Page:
Behind the Scenes: Preparations for a Big Trip

I'm upside down again with my nose in a box for the last time, and it finally hits home that it's all over. Almost. The camels are saddled and on the way to a suitable spot for loading. Once they're all safely home with their handlers, we can really breathe freely and say it's over.

The long-suffering car is also loaded up and waiting to take as much luggage as possible to go on the lorries with the camels back to the Soysambu starting base. The balance is being gathered together into piles to go home.

Memories of the preparations for the trip come flooding back; the bag of dried fruit that's left over and the stress when the dehydrator gave up. Fresh produce was not going to be readily available for the three months of the safari, other than when re-supplies could get in. And that brought its own logistics - where, how and when.

These meant working out roughly from the chosen route how far and matching it to dates; co-ordinating dates with willing friends who know the various unknown to us areas, or to come on safari with us just for the jaunt; days spent pouring over maps spread across the table, with the essential magnifying glass, and deciphering names and route notes taken from these reccee drives, writing down distances as we bounced along rough bush tracks, and getting missing sections from Roisin, who knows, as the younger generation, how to work google; contacting names we'd been given by more friends to get further local information on suitable routes and places to stay, or things to see, and alternative routes to ensure we could still get through.

And this, as we discovered, was only very approximate as our distances on the ground turned into half as much again. Some sections also changed on the ground, although the general direction of south-east all the way remained steady. Fences, erosion and different places to see, or avoid, are not on the map.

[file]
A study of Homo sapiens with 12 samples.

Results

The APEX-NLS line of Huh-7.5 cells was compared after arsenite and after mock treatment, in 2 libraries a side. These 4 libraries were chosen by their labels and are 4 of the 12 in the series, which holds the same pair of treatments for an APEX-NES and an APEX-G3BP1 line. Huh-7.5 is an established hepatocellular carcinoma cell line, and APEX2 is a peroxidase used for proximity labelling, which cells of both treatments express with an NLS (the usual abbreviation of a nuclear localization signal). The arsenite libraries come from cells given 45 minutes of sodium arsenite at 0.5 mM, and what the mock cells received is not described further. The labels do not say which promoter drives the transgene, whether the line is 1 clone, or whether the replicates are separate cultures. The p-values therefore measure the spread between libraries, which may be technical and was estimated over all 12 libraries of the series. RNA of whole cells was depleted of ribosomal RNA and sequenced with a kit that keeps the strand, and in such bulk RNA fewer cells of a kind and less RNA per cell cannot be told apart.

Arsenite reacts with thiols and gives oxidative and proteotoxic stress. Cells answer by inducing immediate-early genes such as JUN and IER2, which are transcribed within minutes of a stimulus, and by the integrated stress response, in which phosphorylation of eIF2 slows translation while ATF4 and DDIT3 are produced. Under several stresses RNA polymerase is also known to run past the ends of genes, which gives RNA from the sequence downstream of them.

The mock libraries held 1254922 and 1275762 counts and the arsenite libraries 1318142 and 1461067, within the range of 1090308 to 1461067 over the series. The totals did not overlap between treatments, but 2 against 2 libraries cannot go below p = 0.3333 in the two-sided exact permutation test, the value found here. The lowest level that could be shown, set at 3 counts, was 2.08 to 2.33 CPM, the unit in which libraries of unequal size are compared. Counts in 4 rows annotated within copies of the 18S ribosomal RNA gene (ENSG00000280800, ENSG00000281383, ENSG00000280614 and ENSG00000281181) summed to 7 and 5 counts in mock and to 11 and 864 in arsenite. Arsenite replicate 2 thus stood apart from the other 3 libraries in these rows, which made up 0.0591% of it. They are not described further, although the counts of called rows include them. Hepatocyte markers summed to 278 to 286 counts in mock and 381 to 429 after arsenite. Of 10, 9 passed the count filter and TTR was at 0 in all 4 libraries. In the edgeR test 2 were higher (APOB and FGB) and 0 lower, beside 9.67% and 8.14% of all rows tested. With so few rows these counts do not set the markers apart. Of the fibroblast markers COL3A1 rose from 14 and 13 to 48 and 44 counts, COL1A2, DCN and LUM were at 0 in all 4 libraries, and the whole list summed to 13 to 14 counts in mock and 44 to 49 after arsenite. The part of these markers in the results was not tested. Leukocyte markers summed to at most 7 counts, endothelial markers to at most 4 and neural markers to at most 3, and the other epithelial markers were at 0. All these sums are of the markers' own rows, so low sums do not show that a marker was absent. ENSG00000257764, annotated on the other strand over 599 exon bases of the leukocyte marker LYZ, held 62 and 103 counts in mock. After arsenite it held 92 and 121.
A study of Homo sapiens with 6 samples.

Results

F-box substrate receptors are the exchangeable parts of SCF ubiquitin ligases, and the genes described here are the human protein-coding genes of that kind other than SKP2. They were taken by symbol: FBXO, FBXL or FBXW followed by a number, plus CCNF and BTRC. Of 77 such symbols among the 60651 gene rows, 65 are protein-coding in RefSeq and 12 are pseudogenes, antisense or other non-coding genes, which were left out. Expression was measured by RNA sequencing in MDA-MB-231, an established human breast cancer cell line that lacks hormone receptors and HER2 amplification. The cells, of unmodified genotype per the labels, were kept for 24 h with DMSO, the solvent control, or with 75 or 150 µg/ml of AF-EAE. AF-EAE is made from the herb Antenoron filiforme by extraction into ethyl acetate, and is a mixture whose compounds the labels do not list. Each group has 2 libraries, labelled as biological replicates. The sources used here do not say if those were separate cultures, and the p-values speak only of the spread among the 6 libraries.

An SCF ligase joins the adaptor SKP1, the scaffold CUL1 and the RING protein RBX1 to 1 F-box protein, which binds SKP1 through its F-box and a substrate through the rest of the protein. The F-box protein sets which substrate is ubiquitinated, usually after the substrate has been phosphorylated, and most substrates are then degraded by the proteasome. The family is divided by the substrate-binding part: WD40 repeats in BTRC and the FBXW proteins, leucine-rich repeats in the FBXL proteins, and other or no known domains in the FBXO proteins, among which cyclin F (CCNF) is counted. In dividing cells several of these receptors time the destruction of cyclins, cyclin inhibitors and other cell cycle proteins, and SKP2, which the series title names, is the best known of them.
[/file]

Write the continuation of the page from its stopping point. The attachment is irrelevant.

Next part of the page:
Lots of number crunching goes on; how many clients, without whom we couldn't do it, and on which sections, which means how much equipment and therefore how many camels to carry it, and the food and water, and how many camel men to handle that number of camels; moving camels from home (Rumuruti, Laikipia) to Soysambu two weeks ahead to make up the right team. How many water cans would be needed to carry enough for a three-day supply for the largest number of people walking? And which camel men and guides would be suitable for the different jobs, and the areas to go through.

Lists and more lists appear; lists of suitable camels and what we needed to prepare them a month ahead of the time to start, and the luggage they were to carry. The workshop rang with the banging of nails and chatter of speculative voices as more saddles and food boxes were made, to leave enough of both for other trips. The phone buzzed as John hooked up would-be walkers, who in their turn needed to work out how, dates and timing that would suit us both; orders were sent out for more uniforms, rope, tandaruas and tents as storm warnings continued to come in; for making arrangements down the track; arranging guides and getting contacts. The car came home loaded with wholesale supplies. Lists grew for food and medical supplies for both camels and people, fresh produce for drying to reduce weight and provide a bit of variation in the diet. The dehydrator whirred all day for weeks. Lists translated into piles of what equipment was essential: water purifiers and cans, nets, how much kitchen and tableware could we get away without, Mutura and Tatty's food and transports.

The house got tighter and tighter as gradually everything came together in piles and boxes till it was one-way traffic through the house. All seems chaos, and one can only hope it comes together alright when the time comes to shift it all down to the start.

At home, we try to complete jobs to allow us time away. Our staff hold the fort during this time, and look after all our animals for us. We leave more lists and supplies for other shorter camel safaris. These and livestock sales keep the caravan moving south. And on our way south, we are watched over and protected each day by my grandfather and son's logo, our lucky scorpions.

And we were helped at every step by our friends, and our camels and the men who looked after them and us all, without whom we couldn't have done it. For them all, we thank you wholeheartedly.